Posted on 1/11/2021 by Pine Belt Periodontics
The Effects of Alcohol on Your Overall Oral HealthDrinking alcohol can affect your oral health to an extent that it can lead to some serious dental problems, including gum disease and decay. That is because alcohol has a drying effect on the gingival tissues. When this occurs, the bad germs that lead to halitosis, decay, and infections tend to accumulate.

Why Drinking Does Not Mix Well with Oral Care


Drinks with alcohol can impede the natural flow of saliva, making it hard for remineralization of the teeth to occur. With less saliva flowing, it is harder to wash away the food naturally that leads to tooth decay and gingival infections. Add to that the fact that alcohol, such as beer, stains the enamel. Beer is acidic. Therefore, the malts and barley found in the brew can lead to a discolored smile. Substances, called chromogens, attach to the enamel of teeth that have been damaged by the acid in an alcoholic beverage. In turn, the lack of a saliva flow causes damage that extends beyond the margin of the gum, creating recession and pockets.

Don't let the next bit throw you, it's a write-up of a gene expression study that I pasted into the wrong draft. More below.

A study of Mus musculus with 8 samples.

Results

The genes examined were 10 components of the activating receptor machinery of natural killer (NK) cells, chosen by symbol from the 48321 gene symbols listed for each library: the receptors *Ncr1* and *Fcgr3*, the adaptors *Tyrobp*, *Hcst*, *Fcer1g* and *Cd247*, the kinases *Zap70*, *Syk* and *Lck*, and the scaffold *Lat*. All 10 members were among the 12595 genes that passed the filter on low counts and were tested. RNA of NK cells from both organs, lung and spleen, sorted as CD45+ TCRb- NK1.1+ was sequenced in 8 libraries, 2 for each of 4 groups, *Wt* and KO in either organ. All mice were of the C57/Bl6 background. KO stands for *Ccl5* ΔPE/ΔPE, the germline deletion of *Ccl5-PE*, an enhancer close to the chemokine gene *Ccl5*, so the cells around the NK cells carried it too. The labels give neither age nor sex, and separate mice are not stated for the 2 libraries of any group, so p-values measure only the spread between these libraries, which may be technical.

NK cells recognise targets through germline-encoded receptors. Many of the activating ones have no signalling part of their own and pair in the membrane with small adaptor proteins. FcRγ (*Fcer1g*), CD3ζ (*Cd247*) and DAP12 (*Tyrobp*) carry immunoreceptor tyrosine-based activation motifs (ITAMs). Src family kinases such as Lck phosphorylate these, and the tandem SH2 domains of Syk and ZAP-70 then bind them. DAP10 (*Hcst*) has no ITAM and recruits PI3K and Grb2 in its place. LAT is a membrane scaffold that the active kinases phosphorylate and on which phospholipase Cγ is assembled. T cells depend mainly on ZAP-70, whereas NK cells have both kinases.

How Alcohol Damages the Gums


When there is a build-up of bacteria, plaque, and tartar, the gums start to bleed and recede. Gum recession exposes the roots of a tooth and destroys the bone as well. Therefore, alcohol, when regularly consumed, can do some real damage to the enamel and gums. Moreover, mouthwashes with alcohol also have the same effect. To experience better periodontal health, you should make it a policy to completely stay away from anything containing alcohol. Not only does alcohol dry out the mouth, but it also increases your risk for getting oral cancer. According to the Centers for Disease Control and Prevention (CDC), individuals who abuse alcohol have higher levels of plaque on their teeth and regularly are diagnosed with oral cancer.

Do you have dental concerns that are related to alcohol consumption? If so, you need to address them immediately. Give us a call today to learn more about receiving periodontal treatments related to dry mouth or gum disease.